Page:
US Outlines Options to Reduce Use of Colorado River

States, tribes have until May 30 to comment
By Newser Editors and Wire Services
Posted Apr 12, 2023 12:40 AM CDT
US Proposes Options to Reduce Use of Colorado River
FILE - Water from the Colorado River diverted through the Central Arizona Project fills an irrigation canal on Aug. 18, 2022, in Maricopa, Ariz.   (AP Photo/Matt York, File)

The Biden administration released an environmental analysis Tuesday that outlined two ways that seven Western states and tribes reliant on the overtapped Colorado River could cut their use, but declined to publicly take a side on the best option, the AP reports. One option would be more beneficial to California and some tribes along the river that have high-priority rights to the river's water. The second option is likely to be more favorable to Nevada and Arizona, who share the river's Lower Basin with California and say it's time for an approach that more fairly spreads the pain of cuts. That approach would force cuts on a proportional basis, when water levels at key reservoirs along the river dip below a certain point.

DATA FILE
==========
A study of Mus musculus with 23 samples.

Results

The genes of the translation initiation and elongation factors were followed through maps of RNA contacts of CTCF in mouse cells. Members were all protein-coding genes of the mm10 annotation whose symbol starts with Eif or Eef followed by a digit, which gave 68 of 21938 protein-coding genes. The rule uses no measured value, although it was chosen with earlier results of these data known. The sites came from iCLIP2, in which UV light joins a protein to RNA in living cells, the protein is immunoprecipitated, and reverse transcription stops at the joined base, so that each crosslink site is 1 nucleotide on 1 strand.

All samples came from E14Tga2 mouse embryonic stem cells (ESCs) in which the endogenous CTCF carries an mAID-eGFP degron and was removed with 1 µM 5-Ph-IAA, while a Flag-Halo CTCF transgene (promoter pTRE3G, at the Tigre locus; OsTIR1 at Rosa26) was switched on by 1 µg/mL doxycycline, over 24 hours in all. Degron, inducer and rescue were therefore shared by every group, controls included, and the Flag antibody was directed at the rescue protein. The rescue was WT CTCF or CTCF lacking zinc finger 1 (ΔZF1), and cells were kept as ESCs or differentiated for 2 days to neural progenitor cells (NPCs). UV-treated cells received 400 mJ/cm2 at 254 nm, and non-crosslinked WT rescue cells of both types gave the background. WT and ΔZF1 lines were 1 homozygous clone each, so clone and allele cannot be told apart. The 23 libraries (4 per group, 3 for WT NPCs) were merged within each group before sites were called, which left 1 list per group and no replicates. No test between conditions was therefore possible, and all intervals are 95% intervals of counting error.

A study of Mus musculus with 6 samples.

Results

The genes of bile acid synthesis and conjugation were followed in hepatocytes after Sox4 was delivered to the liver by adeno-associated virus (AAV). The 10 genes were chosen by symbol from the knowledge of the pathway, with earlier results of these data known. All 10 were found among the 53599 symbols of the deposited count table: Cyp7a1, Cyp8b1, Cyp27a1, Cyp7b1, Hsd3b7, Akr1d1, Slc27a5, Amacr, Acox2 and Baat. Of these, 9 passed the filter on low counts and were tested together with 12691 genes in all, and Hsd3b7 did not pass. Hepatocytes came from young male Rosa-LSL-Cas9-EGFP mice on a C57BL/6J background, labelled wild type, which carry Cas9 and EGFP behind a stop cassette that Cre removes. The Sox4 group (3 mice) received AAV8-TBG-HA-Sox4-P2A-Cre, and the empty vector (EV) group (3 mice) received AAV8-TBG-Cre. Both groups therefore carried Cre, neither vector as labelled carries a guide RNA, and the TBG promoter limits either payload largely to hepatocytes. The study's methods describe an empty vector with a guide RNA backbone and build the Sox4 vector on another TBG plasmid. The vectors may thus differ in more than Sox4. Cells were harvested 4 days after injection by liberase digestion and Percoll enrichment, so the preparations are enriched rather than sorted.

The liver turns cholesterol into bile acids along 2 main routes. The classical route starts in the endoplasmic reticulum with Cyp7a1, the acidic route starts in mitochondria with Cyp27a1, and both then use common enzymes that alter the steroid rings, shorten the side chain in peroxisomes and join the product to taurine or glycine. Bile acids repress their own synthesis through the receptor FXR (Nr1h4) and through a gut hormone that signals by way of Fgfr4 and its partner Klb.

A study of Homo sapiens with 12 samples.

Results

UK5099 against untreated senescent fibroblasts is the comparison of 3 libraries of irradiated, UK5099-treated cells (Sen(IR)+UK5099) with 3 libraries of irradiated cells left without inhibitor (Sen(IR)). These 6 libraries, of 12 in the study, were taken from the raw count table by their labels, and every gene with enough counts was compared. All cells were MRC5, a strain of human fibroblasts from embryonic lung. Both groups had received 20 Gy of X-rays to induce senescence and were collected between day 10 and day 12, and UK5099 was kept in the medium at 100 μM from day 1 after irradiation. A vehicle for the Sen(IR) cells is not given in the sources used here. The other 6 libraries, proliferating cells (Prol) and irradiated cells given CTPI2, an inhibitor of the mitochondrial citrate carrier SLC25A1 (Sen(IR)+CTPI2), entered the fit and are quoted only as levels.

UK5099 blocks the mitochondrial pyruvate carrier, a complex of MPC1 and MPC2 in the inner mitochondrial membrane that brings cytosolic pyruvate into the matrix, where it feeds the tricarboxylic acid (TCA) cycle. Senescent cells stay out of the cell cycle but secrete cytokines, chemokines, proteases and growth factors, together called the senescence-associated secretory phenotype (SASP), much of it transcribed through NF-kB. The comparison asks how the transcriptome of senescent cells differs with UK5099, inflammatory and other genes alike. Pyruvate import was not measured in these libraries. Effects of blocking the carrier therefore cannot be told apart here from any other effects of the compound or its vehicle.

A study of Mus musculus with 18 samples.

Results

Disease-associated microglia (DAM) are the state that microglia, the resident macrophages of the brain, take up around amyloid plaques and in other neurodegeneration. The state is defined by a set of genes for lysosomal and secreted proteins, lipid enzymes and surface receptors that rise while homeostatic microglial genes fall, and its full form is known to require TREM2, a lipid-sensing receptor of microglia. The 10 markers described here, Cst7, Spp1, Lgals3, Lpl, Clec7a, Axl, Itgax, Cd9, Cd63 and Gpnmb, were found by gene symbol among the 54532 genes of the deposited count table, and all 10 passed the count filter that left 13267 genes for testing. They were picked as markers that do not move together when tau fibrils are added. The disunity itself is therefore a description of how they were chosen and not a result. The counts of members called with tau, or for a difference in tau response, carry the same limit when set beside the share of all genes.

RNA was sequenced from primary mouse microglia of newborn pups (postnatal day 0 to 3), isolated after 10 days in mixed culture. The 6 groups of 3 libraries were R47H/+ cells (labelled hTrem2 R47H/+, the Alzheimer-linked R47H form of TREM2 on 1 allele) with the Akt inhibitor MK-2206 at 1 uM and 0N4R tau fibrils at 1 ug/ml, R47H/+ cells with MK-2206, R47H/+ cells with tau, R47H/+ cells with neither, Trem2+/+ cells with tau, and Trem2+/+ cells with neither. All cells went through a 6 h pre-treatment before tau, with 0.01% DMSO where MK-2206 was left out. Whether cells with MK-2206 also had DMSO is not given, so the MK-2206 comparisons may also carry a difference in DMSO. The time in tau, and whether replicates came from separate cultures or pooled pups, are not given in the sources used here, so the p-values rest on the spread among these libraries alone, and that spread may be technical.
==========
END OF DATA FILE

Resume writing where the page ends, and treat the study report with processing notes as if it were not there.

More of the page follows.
The Interior Department defended its authority to make sure basic needs such as drinking water and hydropower generated from the river are met—even if it means setting aside the priority system. “At the end of the day, the Interior secretary has the authority and the responsibility to operate the system," Interior Deputy Secretary Tommy Beaudreau told the Associated Press. He said those duties give the federal government the ability to make some decisions that defy the priority system. Last year the US Bureau of Reclamation called for the states to figure out how to cut their collective use of the river's water by about 2 to 4 million acre feet—or roughly 15% to 30% of their annual use—but an agreement has since been elusive.

The alternatives explore how the federal government could deal with water shortages at Lake Powell and Lake Mead through 2026. Lake Powell, located in Arizona, and Lake Mead, which sits behind Hoover Dam in Nevada, are the largest built reservoirs in the US and serve as barometers of the river's health. A multidecade drought in the West intensified by climate change, rising demand, and overuse has sent water levels at key reservoirs along the river to unprecedented lows. That's forced the federal government to cut some water allocations, and to offer up billions of dollars to pay farmers and cities to cut back. States, tribes and other water users have until May 30 to comment on the proposals before federal officials announce their formal decision. (Much more here.)